Politics Biden to set goal of at least one shot to 70 percent of adults by July 4
Fact check: Biden's speech had an estimated 26.9 million viewers
The president’s first address to Congress had 26.9 million viewers, not 11.6 million as claimed in a social media post.An April 29 Facebook post from James T. Harris, a conservative radio host and social media personality, lists television ratings for five past presidential addresses — four from former President Donald Trump and one from Biden. The post says Biden’s address to Congress had only 11.6 million viewers, compared to 37.2 million viewers for Trump’s 2020 State of the Union speech.
President Biden will announce Tuesday a goal to administer at least one shot of the coronavirus vaccine to 70 percent of U.S. adults by July 4th, as the country moves to vaccinate harder-to-reach Americans.
In addition to the 70 percent goal, the White House said Biden, in a speech Tuesday afternoon, will set a goal to have 160 million U.S. adults fully vaccinated by July 4th.
Together, those goals will mean about 100 million more shots, both first and second doses, across the next 60 days, a senior administration official said.
Only about 35 million more adults need to get their first shot to reach the 70 percent goal, according to Centers for Disease Control and Prevention figures. Reaching the goal would mean about 180 million adults have at least one dose up from about 145 million, or 56 percent, currently.
The average number of shots per day has been falling in recent weeks, though it is still at about 2.2 million per day, according to figures from Our World in Data.
"This is what we anticipated as we entered this phase," a senior administration official told reporters when asked about the slowdown. "Those most eager, those willing to get in their car and drive an hour, have gotten their shot."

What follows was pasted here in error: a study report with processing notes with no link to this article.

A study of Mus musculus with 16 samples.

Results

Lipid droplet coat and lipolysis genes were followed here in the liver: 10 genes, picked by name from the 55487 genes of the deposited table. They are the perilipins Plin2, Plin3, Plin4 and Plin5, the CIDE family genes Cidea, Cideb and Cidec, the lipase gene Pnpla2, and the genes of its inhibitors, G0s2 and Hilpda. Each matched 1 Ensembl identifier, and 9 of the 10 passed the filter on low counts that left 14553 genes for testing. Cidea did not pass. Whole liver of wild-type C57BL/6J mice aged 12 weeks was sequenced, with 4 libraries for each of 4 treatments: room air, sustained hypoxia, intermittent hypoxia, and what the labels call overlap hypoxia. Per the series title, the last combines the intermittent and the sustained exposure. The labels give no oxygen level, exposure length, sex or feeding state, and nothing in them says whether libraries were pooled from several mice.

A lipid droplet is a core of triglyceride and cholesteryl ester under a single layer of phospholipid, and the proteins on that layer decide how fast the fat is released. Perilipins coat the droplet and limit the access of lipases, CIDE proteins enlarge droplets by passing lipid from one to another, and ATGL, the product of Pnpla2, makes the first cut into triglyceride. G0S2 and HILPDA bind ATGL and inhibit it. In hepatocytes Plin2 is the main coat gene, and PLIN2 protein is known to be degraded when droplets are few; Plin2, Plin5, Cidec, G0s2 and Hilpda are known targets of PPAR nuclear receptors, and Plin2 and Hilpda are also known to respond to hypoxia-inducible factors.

Biden has held out the Fourth of July as a date where he hopes the country will be closer to normal, and reaching 70 percent of adults with one shot will help reach that goal.
A senior administration official said that with 70 percent vaccinated, there would be a "sharp decline" in cases, though the official noted that this is a different threshold than "herd immunity."
There is not an exact known percentage of inoculations for what would constitute herd immunity, but the White House has deemphasized it, noting that cases will decline as more people are vaccinated.
Even before Biden's announcement, many states have already lifted many or all of their restrictions, especially in the South. Even the blue states of New York, New Jersey and Connecticut jointly announced Monday they would lift most capacity limits on businesses by May 19.
The administration will direct pharmacies in the federal pharmacy program to offer walk-in vaccinations without an appointment, and encourage states to do so. Many states have already moved in that direction.
Almost $250 million will go towards hiring "community outreach workers" to help get people vaccinated, more than $130 million will go towards vaccine education and information, and nearly $250 million for state outreach efforts, the White House said.
Vaccine doses will be sent directly to rural health clinics, given that rural areas are a focus in the next phase.
Finally, the administration says it will be ready on "day 1" to start vaccinating adolescents aged 12-15. The Food and Drug Administration is expected to soon announce the authorization of the Pfizer vaccine for that age group.